Men's sportswear is earth-bound literally as well as figuratively this fall. Colors set the pace with names like "tobacco," "petrol blue," "maize," "river" and "coal," to say nothing of the increasingly complex olives, which span the tonal range.
Then, there's an emphasis on earthy comfort that shows in natural fabrications cottons, silks and light-weight wools and the relaxed cuts of baggy pants and roomier shirts and sweaters.
Noting men's increasing license to mix and match whatever suits their fancy, Craig Randle, manager at Hunter's, Ltd., 919 Mass., said, "There aren't any more clothing rules."
Earl Reineman, vice president of Weaver' Inc., 901 Mass., added, "Anything works as long as you're comfortable and it looks good.
"It speaks well of consumers and the fashion industry both."
IN THAT shared frame of mind, Lawrence men's shops are offering quite a potpourri everything from silk shirts to rugged jeans for casual dressing this fall, as well as more expertise to help customers figure out how to put it all all together.
The layered or street look keeps gaining strength, and Dan Ward of JC Penney, 1801 W. 23rd, said it doesn't necessary require "new" clothes.
"Take three or four things already in your wardrobe and put them together," he suggested.
If something new is a possibility, he added, the newest double-breasted and three-button single-breasted sport coats look great with jeans or casual slacks.
Greg Easter, manager of Eastons, Ltd., 839 Mass., said sport coats worn as sport jackets are the "big, hot thing right now" real loose and comfortable, and Ken Campbell, manager of Campbell's Clothing, 841 Mass., mentioned in particular an "interesting and exciting" new fabric in sport jackets for fall. Called "microfiber," it is polyester that feels like suede.
THERE ALSO are some great offerings in all-virgin blown wool sport jackets. "Blown" means the wool has been especially treated so the fibers are softer, giving a super-comfortable feel.
Under their new jackets, men are wearing everything from colored T-shirts and V-necked sweaters to a whole new generation of earth-toned sport shirts so versatile they're being worn as dress shirts too.
In the new shirts, there are solids galore, as well as florals, paisleys and dobby prints in jacquard weaves.
"Patterns are more often woven right in," Randle explained. "It's very subtle, the colors are much richer and it gives much more character."
Most fall sports shirts also are in natural fabrications and many have been garment washed a gentler process than stone washing for the lived-in look that speaks to the season's relaxed frame of mind.
Reineman of Weaver's described the feel as that of "your favorite old shirt."
In addition to the cotton chambray and cotton flannel, there are lots of silk shirts, which are washable and therefore more manageable and coming down in price. They've now hit the $60 to $75 range in some stores, and gone even lower in a few cases.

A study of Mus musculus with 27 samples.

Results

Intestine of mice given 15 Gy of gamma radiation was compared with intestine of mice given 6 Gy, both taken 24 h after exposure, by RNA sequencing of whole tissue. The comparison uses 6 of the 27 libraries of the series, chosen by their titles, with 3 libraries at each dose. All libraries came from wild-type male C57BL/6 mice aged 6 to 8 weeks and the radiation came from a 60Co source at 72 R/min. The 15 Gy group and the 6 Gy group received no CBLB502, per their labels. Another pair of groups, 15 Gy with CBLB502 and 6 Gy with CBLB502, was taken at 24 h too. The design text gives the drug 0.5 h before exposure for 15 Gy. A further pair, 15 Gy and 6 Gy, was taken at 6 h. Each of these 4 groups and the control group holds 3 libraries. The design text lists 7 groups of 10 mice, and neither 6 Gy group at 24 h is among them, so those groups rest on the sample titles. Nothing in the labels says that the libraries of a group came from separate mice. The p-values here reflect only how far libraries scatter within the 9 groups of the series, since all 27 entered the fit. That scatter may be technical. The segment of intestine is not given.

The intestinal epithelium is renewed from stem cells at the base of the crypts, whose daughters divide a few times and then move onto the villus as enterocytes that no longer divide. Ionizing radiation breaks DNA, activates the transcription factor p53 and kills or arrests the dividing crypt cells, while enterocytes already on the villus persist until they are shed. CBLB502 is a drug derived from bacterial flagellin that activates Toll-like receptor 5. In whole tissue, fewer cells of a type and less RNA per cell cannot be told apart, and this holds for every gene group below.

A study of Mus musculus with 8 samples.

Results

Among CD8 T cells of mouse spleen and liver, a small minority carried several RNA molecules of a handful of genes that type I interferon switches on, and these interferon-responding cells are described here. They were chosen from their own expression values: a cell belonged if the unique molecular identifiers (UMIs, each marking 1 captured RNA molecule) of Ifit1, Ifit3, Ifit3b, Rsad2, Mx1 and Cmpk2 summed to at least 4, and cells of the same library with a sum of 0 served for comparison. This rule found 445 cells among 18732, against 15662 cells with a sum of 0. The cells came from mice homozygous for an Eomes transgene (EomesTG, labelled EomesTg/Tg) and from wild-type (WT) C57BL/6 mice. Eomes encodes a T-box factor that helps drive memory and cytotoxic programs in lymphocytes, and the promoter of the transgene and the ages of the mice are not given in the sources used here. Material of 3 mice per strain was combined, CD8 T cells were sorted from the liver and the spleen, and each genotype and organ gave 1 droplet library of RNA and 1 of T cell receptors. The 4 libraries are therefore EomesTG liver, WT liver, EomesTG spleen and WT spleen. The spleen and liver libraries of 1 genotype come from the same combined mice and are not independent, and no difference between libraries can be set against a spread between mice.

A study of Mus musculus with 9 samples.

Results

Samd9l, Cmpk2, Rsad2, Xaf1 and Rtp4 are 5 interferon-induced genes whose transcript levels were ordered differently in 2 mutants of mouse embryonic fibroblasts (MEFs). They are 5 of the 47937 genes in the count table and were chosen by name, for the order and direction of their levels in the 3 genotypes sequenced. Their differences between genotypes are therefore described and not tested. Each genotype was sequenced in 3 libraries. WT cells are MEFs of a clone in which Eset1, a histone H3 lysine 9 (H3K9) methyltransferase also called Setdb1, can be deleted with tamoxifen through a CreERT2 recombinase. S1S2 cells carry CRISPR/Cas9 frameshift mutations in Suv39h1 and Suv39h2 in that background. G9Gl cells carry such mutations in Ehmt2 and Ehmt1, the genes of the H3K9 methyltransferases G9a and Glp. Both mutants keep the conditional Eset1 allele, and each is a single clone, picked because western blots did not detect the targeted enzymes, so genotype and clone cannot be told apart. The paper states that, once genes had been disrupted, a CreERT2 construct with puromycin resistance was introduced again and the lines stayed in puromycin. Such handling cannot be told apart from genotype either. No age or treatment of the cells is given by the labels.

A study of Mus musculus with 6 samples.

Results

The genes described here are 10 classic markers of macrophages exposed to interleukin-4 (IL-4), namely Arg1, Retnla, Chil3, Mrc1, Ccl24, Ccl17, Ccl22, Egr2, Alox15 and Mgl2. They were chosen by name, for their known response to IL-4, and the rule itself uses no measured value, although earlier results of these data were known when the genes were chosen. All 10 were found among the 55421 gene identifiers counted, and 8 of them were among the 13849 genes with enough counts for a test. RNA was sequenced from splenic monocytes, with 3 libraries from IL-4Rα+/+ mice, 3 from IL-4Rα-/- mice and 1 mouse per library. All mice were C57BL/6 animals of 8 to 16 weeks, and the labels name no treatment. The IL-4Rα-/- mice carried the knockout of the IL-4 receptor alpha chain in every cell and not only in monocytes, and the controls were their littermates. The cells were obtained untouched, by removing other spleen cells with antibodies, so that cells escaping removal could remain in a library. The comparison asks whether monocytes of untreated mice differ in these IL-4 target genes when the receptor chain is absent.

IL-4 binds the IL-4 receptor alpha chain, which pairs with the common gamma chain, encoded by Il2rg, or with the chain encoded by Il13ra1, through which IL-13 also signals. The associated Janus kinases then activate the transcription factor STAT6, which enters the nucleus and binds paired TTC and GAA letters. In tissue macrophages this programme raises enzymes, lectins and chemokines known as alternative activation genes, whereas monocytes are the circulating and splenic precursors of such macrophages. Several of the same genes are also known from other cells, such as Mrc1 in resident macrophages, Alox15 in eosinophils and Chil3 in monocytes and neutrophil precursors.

"A LOT of people really like the silk shirts because of the way they feel," Randle of Hunter's said.
Campbell noted that his more traditional store had added a line of washed silk shirts in giant paisley patterns for fall, and Jeremy Furse, owner of Britches Corner, 843 Mass., which has been selling silk shirts for five years, said, "Men's silk is through the roof" this year.
There also are lots of knit, rugby-style shirts in all the stores. Many feature color blocks, which Furse said are "everywhere" this season from underwear to outerwear, but especially in the shirts.
Almost all sport shirts in cotton fabrications come in both button-down and straight collar styles, and some of the knit shirts even come in button-down styles, but most of the silks sport point collars.
To continue the layered look, there are oodles of sweaters, although some clothiers think they may be losing some steam after several popular seasons.
NEARLY ALL fall sweaters are 100 percent cotton, though, which Randle explained "is much easier to care for." He added that most people don't need wool for warmth any more.
Campbell added that cotton yarn seems to take dyes better than wool, too, so the sweaters look brighter.
In casual pants, denim jeans keep gaining strength in menswear. Furse said designers recognize that these perennial children's favorites are well loved by aging baby boomers too. He pointed out that baby boomers were the first generation to grow up in denim and as a consequence, they don't plan to ever give them up.
Designers accommodate with more relaxed cuts for the changing bodies.
At Eastons, the denim offering includes cuffed jean shorts, to be worn with sport jackets for fall. Some denim there also is "overdyed," which layers a darker blue color over a washed blue to achieve a more complex texture.
Randle of Hunter's said most casual slacks for fall feature pleated fronts including double, scissor and box pleats and sometimes sport such details as watch pockets.
Weaver's Reineman reiterated that Levi Dockers again will be the dominate look, and Ward of Penney's said a variety of twills will maintain their popularity, most of which are cut with oversized thighs.
Some are cuffed, he added, especially ones in checked patterns that he predicted would come back even stronger next spring.